There are a couple of natural methods of Japanese beetle control — and Chinese rose beetle control — that you can use in your garden or orchard: Hand-picking and applying (natural) milky spore. Read on for how to use these methods when you’re faced with damage from a Japanese beetle infestation.
Within a couple of weeks of planting, the leaves on our trees looked more like lace than leaves. I’ve been carefully observing and have found a couple of weevil-like bugs and another that looked like a Japanese beetle. I’ve experienced a Japanese beetle infestation in another garden, so I recognized these guys — kind of.
I tried a couple of natural sprays. I tried a sticky barrier. But nothing seemed to work.
I searched the internet with little luck — I found one DIY Japanese beetle trap, but it seemed silly to make something like that when I could easily just handpick the few bugs that I spotted. I finally remembered to ask the grower who sold me the apple trees. He just nodded. Yep. Those bugs are a problem. But here’s where he pointed me in the right direction.
My beetles are nocturnal feeders.
Which means that the few beetles I’d spotted during the day were an anomaly. And it turns out, they’re not Japanese beetles, but rather Chinese rose beetles. Good thing I am a highly experienced nighttime pest hunter!
How to combat the Japanese beetle and Chinese rose beetle:
Whether Japanese beetle infestation or Chinese rose beetle, the technique is the same. Fill a jar with about an inch of soapy water and head out to your garden or orchard. Look for beetles on the top and underside of leaves.
Quickly handpick the beetles and drop them into the soapy water. If you’re dealing with a Japanese beetle infestation, do this during daylight hours. To combat Chinese rose beetles naturally, don your headlamp and head out just after nightfall, when they are the most active.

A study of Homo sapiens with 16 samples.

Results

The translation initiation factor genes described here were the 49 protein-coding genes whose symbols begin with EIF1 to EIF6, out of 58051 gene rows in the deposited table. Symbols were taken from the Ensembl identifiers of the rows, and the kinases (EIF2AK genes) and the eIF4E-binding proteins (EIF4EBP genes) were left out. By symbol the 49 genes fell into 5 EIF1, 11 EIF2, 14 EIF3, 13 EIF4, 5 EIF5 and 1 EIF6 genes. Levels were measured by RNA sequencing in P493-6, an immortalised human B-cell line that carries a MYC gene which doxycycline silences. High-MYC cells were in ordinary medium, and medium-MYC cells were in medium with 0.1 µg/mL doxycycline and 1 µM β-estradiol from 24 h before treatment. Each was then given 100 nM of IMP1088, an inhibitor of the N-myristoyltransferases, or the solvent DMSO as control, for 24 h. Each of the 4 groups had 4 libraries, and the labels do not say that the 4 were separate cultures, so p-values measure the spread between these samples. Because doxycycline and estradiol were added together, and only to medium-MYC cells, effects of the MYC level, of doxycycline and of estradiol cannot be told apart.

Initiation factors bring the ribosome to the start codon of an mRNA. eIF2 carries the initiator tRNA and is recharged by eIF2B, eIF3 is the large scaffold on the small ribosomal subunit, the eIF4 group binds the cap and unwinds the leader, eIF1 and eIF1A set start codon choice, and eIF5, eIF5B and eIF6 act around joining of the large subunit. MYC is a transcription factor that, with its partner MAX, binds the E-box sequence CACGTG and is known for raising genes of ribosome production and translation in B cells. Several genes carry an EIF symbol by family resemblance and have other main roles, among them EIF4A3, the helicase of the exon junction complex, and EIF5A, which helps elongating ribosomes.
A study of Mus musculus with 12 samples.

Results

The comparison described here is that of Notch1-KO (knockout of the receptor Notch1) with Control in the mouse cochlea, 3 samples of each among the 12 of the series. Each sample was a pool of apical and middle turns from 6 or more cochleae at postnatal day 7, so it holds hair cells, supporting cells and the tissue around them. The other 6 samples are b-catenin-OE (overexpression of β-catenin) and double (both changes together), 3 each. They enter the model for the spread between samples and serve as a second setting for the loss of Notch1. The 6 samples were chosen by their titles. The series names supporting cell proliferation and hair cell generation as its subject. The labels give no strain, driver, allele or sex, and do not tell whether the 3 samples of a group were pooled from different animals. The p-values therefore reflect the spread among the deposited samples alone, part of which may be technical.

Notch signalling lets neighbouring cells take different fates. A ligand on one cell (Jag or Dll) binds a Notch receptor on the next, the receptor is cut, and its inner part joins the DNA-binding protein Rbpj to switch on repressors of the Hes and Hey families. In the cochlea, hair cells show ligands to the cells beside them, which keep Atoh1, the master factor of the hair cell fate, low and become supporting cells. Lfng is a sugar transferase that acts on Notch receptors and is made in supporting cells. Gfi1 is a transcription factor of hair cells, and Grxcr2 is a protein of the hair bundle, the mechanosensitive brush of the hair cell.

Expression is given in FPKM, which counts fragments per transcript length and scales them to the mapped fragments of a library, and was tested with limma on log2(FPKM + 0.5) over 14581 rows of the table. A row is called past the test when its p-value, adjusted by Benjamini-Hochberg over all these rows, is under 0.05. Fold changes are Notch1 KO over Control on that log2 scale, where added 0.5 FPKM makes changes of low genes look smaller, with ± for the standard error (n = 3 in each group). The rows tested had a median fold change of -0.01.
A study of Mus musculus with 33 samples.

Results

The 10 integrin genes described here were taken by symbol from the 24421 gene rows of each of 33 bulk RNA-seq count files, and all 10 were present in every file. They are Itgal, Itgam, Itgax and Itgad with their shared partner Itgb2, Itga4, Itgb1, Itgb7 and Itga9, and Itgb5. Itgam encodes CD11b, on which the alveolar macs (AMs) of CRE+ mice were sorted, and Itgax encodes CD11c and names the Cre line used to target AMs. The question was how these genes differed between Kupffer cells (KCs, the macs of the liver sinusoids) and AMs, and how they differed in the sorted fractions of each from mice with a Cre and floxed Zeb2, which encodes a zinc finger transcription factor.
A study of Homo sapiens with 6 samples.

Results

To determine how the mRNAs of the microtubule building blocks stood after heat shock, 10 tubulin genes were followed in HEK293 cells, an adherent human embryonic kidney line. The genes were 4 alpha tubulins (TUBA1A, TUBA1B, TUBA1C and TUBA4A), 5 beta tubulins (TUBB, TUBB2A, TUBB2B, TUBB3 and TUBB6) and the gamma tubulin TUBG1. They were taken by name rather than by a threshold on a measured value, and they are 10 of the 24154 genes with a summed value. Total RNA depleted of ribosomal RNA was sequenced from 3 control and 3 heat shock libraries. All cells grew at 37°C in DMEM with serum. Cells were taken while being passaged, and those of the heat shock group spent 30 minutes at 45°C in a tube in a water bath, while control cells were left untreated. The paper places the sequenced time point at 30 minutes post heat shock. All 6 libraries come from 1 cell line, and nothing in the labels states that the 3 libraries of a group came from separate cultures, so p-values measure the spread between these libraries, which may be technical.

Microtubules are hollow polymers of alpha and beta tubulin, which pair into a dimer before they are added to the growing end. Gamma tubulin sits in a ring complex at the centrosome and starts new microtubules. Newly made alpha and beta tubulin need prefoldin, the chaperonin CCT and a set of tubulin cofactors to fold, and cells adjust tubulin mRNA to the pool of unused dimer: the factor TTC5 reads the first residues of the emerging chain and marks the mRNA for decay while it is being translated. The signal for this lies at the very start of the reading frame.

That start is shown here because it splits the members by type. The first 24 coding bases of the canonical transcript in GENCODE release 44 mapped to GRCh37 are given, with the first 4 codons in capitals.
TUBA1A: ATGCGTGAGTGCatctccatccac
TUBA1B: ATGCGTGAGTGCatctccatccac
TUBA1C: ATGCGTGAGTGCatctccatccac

My first night of beetle control netted 20-30 beetles, including numerous mating pairs who were interrupted in their procreation. I’ll continue doing this until I see a marked decrease in beetles, though my friendly farmer tells me that the worst of the damage is probably nearing an end — the beetles cause extensive damage like this for just a couple of months during mating season.
Milky spore for beetle control
And here’s another trick, thanks to one of my readers. He suggested using milky spore powder. I’d never heard of it, but he said it had really worked well for him. Coincidentally, I was visiting with a friend of mine a couple of months later and out of the blue he suggested the milky spore powder for beetle control.
Milky spore is a natural, microscopic bacteria that apparently kills beetles in their grub stage — when they’re underground. You simply apply it to the soil (it doesn’t take much) around infested areas and let it get to work. According to the milky spore product literature, it takes three years to reach peak effectiveness. The time is now, my friends.
UPDATE: I’ve been using milky spore for almost three seasons now and I do feel like the infestation of beetles is less devastating after applying the milky spore powder. I didn’t do nearly as much handpicking, either.
Hopefully the milky spore powder will continue to work its magic in the soil and wipe out most of the beetle population, eliminating damage from Chinese rose beetle or Japanese beetle infestation.